In February 2012 the Jewish Historical Institute opened a unique exhibit dedicated to the photographs of Julia Pirotte. Together with the magnificent photographs it unearths the forgotten artist, a woman with a fascinating personality and life story.
Pirotte was born in Końskowola in the Lublin region to a family of poor Polish Jews. Together with her two siblings she was involved in communist activity from an early age and during the Second World War she was part of the resistance in the south of France. After returning to Poland she was the only photographer who documented the Kielce Pogrom in 1946. Her wonderful photos, taken in 1948 during the World Congress of Intellectuals in Wrocław, have also survived. Julia Pirotte’s life was full of dramatic moments. She lost her Belgian husband, whose name she kept, during the war. Her parents shared the tragic fate of other Lublin Jews and were murdered by Nazis. The Gestapo murdered her sister who was part of the French resistance, and whose beautiful photograph is part of the exhibition. Her brother never returned from a USSR labor camp.
The exhibition contains over fifty Julia Pirotte photographs from a collection she donated to the Jewish Historical Institute shortly before her death. They are mainly photographs from the 40’s and 50’s, going back to the war, which the artist spent in Marseilles. Whether it was occupied France or post-war Poland struggling to rebuild, Pirotte captured the everyday lives of simple people with great passion and intuition. Her art is most completely expressed in the portraits which prominently feature not only the faces but also the hands of her subjects. Some of the most interesting pieces of the exhibition were the portraits of celebrities such as Edith Piaf or Pablo Picasso.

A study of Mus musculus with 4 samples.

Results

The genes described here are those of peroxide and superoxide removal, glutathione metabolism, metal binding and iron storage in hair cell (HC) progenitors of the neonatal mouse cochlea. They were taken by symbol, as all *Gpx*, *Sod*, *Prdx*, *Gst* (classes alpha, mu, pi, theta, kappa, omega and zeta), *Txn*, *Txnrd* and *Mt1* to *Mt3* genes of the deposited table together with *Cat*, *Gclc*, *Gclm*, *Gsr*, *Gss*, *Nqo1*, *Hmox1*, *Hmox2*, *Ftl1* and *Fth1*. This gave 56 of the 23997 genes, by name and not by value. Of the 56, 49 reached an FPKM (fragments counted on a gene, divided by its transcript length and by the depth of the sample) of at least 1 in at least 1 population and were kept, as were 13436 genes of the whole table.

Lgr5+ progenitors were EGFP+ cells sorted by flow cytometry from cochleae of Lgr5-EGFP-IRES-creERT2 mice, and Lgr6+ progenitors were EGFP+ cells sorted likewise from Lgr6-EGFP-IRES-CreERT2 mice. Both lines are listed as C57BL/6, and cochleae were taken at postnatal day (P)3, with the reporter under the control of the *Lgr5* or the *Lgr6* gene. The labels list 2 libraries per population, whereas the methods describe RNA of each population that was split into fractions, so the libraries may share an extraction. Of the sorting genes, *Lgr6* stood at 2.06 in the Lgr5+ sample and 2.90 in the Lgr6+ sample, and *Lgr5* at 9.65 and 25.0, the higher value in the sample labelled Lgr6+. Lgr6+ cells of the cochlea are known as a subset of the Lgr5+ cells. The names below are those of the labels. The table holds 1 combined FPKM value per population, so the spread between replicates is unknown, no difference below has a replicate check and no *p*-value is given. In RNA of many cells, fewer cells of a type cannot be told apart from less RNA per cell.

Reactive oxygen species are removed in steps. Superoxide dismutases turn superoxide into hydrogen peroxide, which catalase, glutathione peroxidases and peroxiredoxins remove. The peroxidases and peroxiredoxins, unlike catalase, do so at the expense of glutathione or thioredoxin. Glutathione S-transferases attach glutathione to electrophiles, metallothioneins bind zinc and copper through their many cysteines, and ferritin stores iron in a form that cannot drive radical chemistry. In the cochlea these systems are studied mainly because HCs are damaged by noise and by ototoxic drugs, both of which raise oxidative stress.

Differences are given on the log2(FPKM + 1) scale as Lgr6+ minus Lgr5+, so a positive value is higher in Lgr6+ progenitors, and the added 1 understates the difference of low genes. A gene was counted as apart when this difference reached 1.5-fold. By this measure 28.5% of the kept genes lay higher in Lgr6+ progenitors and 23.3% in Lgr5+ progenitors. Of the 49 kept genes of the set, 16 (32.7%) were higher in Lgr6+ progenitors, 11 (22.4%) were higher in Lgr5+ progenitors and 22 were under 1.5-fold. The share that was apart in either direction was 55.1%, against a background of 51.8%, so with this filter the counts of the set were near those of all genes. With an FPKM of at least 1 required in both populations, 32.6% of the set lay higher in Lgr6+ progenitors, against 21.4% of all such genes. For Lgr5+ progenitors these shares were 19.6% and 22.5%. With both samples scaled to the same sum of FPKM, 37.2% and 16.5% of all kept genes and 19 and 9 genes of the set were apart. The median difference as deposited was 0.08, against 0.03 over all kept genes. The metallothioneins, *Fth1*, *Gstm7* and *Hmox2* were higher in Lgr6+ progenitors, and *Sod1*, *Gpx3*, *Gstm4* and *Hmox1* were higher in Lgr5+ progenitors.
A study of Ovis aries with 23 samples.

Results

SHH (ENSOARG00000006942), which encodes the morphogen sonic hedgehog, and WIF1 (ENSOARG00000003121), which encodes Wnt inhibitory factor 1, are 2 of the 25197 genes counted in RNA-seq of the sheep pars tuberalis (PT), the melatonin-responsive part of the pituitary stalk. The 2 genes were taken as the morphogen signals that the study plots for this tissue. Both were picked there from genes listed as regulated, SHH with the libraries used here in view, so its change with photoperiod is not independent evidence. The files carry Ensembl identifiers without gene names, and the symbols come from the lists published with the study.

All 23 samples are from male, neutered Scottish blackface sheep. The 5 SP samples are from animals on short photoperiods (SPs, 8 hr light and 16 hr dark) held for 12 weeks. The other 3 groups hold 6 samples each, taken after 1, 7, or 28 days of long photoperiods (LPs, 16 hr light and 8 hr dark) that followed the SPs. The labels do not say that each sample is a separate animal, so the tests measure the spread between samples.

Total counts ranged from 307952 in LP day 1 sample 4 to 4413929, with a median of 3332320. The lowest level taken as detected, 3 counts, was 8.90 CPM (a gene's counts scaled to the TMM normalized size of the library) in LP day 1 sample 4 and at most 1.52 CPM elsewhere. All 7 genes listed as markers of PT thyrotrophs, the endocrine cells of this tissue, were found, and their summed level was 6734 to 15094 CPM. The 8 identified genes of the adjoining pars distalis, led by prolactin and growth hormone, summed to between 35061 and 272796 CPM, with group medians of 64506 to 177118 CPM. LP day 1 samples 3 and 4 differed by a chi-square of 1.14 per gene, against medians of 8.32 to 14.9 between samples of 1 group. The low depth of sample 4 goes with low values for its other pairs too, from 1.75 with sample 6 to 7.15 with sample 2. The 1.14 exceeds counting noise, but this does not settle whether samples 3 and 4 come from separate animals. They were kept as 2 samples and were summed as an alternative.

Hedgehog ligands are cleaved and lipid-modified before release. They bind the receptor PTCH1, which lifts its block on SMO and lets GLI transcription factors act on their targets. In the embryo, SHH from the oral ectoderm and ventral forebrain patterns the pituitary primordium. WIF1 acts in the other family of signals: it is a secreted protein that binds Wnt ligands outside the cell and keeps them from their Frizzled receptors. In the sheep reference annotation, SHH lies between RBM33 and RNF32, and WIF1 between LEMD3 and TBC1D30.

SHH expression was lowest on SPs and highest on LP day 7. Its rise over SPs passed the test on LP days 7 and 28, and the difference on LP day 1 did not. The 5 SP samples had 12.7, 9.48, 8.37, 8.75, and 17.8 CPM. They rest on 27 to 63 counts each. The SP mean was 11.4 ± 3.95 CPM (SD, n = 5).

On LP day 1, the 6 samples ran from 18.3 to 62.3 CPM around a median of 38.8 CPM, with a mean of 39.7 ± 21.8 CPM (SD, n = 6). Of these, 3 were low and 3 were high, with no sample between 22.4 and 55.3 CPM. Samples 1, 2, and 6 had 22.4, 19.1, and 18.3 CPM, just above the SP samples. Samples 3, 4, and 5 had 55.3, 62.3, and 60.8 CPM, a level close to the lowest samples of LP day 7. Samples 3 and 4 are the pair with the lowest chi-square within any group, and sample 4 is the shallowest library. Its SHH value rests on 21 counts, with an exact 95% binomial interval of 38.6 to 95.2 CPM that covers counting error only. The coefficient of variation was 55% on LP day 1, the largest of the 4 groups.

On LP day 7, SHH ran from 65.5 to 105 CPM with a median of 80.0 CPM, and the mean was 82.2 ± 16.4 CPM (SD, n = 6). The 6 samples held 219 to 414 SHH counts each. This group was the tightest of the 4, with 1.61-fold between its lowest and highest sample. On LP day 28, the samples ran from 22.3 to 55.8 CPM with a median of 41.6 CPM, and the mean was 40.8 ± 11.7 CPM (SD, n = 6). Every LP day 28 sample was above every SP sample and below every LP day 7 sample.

A catalog with a selection of the artist’s photographs was created to accompany the exhibition — it is the first Polish album of her photographs.
The Belgian Embassy took honorary patronage over the exhibit, media patronage was provided by culture.pl.
The exhibition took place in the JHI’s Gallery between February 16th and June 20th 2012.